A Life Interrupted
By: Taylor Evans
Born September 7, 1963, Eric “Eazy-E” Wright’s early reputation on the streets of Compton, California, was a hustler eager to apply his street knowledge to his legitimate game. He dropped out of high school in the tenth grade, but refused that to interrupt his success.
In the late `80’s he turned to rap music. Along with Ice Cube, Dr. Dre, DJ Yella, and M.C. Ren established the most successful and controversial rap group in history. As N.W.A, they blasted police cruelty and challenged the establishment. They eventually took their message of inner-city struggle to millions of fans worldwide.
During the summer of the same year, N.W.A’s Straight Outta Compton LP frightened the media into labeling the group “gangsters”. This was a label the group wore and exploited with such force that by the time Eazy released his solo project Eazy-Duz-It that fall, the stage of musical funk and lyrical fight had long been set.
“Boyz-N-The-Hood” , “We Want Eazy”, “Eazy-Duz-It”. His voice fueled a legion of hits. In the early `90’s, he joined other West Coast rappers, including M.C. Hammer, Ice T, Tone-Loc, and Young MC, in a stop the violence campaign led by the single “We’re All In The Same Gang”. With N.W.A, Eazy broke down all the doors of mass exposure previously closed to rap music.
Attempts to rock the young musician’s foundation were generally useless. Arrests for performing N.W.A’s biggest hit “F*** The Police”, and other attempts at censorship only helped pave the way for his success. By the time the group had released its last album, Efil4zaggin, in 1991, they had sold more than six million records.
As a businessman, Eazy had built a solid commodity with his Ruthless Records label. Some of his more famous signings were: Above The Law, Bone-Thugs-N-Harmony, and D.O.C. His ability to promote and market these acts was on the strength of his radio show, “Ruthless Radio Show”. As an on-air personality, Eazy gave his audience tickets to his performances, talked to fans, and also became more famous with the young black Americans.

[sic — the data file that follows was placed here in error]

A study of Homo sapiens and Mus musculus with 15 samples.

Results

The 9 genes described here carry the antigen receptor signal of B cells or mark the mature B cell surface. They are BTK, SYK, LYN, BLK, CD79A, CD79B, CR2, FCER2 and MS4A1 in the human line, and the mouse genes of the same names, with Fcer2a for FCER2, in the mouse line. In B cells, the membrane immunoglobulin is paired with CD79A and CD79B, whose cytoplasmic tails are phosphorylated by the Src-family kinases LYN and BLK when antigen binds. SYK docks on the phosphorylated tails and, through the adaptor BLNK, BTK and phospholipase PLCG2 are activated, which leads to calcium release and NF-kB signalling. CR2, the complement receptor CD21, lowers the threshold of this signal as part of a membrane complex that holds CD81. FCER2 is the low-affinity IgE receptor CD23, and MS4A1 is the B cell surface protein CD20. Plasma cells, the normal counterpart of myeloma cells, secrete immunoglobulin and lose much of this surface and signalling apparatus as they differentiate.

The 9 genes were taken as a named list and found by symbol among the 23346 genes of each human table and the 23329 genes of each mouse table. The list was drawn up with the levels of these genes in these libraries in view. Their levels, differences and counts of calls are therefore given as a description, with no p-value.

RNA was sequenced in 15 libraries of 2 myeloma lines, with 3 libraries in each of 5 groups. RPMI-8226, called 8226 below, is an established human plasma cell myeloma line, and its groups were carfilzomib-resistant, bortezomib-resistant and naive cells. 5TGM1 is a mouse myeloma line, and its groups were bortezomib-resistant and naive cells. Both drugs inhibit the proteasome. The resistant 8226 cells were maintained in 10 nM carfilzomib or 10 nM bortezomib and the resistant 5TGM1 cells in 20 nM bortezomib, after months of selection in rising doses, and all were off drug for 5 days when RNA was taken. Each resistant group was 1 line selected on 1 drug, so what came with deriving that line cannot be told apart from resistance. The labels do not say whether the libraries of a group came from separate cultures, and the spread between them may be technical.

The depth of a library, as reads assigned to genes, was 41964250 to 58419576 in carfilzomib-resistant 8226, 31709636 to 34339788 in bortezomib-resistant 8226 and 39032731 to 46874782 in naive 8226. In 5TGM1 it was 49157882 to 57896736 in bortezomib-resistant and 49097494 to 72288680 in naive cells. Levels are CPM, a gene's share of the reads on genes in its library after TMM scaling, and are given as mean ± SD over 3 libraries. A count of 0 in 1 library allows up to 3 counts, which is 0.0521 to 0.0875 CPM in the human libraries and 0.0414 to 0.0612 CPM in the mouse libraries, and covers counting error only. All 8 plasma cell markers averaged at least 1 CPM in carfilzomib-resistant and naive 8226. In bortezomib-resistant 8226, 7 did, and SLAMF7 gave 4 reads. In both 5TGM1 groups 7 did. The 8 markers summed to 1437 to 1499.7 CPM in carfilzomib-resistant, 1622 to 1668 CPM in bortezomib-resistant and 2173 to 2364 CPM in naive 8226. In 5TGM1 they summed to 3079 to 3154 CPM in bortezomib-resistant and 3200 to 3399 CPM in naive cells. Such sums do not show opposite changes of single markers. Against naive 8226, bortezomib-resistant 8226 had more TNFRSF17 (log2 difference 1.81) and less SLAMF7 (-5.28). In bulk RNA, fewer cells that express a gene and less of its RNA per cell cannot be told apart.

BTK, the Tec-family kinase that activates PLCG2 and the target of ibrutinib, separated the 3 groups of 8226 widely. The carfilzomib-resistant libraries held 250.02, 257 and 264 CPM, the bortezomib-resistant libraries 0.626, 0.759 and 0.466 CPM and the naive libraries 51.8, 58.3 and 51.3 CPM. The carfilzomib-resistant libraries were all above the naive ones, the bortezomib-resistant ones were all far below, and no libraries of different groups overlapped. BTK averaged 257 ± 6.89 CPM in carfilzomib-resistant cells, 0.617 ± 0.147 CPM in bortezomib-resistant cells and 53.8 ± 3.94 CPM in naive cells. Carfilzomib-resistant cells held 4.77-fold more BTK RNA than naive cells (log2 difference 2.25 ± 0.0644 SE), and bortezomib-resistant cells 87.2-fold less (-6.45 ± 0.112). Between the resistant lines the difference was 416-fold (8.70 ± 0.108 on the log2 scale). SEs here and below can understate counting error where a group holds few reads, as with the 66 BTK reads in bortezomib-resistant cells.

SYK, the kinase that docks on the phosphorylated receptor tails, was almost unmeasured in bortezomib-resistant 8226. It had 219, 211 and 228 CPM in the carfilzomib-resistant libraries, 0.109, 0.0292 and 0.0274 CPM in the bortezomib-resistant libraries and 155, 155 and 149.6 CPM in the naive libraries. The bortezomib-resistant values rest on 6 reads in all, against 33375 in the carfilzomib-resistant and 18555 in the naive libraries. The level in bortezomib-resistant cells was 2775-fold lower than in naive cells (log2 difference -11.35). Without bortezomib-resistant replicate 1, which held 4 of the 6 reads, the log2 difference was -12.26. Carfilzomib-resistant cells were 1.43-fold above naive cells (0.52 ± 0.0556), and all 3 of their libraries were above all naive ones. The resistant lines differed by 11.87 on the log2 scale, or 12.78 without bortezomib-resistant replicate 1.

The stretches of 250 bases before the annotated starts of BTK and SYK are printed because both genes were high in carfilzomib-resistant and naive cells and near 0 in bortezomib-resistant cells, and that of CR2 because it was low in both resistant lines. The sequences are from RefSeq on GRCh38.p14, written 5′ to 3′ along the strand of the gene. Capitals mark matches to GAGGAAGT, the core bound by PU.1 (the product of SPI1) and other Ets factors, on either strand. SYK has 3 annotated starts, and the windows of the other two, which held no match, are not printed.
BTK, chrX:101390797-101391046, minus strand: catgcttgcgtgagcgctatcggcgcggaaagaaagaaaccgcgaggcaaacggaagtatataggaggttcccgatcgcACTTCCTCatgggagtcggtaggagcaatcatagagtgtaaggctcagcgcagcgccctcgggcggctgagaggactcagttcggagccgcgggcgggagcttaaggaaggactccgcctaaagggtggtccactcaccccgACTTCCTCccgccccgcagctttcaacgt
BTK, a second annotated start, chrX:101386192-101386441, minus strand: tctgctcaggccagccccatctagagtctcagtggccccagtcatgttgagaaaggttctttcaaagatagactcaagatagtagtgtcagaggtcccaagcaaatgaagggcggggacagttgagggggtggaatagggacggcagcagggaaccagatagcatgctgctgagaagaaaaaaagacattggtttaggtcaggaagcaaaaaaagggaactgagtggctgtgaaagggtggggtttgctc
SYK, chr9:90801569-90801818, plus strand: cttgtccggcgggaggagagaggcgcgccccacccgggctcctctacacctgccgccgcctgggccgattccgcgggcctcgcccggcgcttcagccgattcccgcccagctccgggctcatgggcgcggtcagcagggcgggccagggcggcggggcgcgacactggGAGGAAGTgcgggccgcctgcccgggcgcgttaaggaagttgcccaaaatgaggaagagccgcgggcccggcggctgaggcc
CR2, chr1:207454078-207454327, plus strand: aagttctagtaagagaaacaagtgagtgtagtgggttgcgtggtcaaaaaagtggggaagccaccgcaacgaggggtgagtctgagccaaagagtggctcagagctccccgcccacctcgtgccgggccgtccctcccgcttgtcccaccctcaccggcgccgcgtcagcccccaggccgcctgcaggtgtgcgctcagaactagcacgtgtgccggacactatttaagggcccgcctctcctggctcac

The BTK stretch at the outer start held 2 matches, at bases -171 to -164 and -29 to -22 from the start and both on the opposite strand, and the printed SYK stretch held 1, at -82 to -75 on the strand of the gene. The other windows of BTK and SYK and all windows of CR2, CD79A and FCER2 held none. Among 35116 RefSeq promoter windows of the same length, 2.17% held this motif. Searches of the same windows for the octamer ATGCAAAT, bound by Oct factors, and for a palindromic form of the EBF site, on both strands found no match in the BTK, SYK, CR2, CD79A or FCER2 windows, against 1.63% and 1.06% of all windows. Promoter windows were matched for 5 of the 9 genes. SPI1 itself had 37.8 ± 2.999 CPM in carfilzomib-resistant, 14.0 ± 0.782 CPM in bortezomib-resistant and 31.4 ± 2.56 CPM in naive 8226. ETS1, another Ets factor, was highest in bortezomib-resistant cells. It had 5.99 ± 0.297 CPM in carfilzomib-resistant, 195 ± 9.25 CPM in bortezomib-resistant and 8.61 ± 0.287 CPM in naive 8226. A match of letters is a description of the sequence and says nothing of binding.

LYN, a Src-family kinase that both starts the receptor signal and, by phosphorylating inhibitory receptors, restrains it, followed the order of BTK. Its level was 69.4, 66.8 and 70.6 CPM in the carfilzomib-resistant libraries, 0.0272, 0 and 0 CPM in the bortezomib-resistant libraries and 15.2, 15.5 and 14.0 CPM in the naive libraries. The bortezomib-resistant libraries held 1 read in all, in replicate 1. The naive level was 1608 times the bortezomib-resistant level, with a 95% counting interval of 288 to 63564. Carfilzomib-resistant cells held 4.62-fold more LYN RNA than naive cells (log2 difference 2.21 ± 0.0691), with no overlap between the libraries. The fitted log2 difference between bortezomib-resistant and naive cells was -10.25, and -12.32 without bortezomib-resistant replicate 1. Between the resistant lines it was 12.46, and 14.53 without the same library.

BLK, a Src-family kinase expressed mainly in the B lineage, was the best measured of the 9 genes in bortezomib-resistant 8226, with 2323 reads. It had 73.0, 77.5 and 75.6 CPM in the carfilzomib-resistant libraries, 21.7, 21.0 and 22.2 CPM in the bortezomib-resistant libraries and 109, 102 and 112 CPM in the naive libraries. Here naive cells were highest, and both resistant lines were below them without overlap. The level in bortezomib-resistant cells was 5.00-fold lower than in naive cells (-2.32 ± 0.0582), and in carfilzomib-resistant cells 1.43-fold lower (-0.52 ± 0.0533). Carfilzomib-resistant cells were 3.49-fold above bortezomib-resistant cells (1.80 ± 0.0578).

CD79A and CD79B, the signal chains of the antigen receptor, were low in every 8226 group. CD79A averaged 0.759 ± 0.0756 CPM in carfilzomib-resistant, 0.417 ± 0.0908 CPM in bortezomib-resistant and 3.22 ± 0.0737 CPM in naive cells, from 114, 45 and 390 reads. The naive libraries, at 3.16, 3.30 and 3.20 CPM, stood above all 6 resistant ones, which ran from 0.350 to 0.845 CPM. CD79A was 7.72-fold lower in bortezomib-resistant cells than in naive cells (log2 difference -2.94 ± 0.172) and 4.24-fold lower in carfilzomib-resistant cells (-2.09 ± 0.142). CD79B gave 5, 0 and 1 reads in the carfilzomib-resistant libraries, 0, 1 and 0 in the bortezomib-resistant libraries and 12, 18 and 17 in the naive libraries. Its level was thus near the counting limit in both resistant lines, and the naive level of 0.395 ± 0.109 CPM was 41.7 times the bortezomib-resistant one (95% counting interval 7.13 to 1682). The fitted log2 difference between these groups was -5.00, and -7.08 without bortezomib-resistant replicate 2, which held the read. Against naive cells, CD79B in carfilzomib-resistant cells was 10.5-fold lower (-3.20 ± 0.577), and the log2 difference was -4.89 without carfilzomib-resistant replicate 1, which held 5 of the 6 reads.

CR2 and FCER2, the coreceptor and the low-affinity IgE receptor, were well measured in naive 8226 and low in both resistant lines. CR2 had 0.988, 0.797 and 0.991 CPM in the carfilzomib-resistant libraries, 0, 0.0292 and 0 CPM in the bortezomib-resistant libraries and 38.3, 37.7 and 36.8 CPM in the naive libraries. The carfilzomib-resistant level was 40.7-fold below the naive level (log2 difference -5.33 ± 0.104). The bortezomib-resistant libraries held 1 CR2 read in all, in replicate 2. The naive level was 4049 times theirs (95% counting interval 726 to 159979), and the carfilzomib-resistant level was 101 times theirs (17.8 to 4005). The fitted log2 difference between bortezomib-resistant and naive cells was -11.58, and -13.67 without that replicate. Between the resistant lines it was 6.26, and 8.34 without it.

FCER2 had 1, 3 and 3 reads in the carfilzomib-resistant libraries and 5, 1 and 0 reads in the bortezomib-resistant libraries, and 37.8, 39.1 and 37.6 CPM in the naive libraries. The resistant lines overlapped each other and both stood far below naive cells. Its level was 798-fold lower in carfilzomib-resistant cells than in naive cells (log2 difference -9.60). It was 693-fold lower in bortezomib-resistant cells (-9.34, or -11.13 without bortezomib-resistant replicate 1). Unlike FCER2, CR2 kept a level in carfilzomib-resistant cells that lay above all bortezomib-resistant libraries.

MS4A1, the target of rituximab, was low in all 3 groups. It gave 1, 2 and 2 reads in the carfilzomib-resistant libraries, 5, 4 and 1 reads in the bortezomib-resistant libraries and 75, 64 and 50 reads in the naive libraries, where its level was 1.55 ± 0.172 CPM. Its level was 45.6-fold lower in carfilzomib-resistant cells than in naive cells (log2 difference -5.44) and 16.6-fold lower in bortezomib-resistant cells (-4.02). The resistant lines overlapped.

By the time he was thirty, Eazy had survived a swirl of controversy. His “We Want Eazy” lyrics had come to life with everything from his age to his political devotion. However, he continued to sell records to his million-plus fan base. Even a conspiracy to assassinate him, left Eazy with only an even stronger urge to reunite the original members of N.W.A. Unfortunately, part of that goal wasn’t realized.
Eric Wright died Sunday, March 26, in Los Angeles from complications with AIDS. With only his family at his bedside, he released a statement saying that he had full-blown AIDS and warned others of the dangers of multiple sex partners. Yet another message to his always loyal fans.
Months later, on the weekend that would have been his thirty-second birthday, KKBT/The Beat canceled its regular Saturday and Sunday night programming in order to broadcast a two-hour special on the life and times of one of hip-hop’s most influential figures. Once again, Eazy’s voice came to life, as it always had on record, and as it always will to those who remember the legacy of a man who refused to be broken.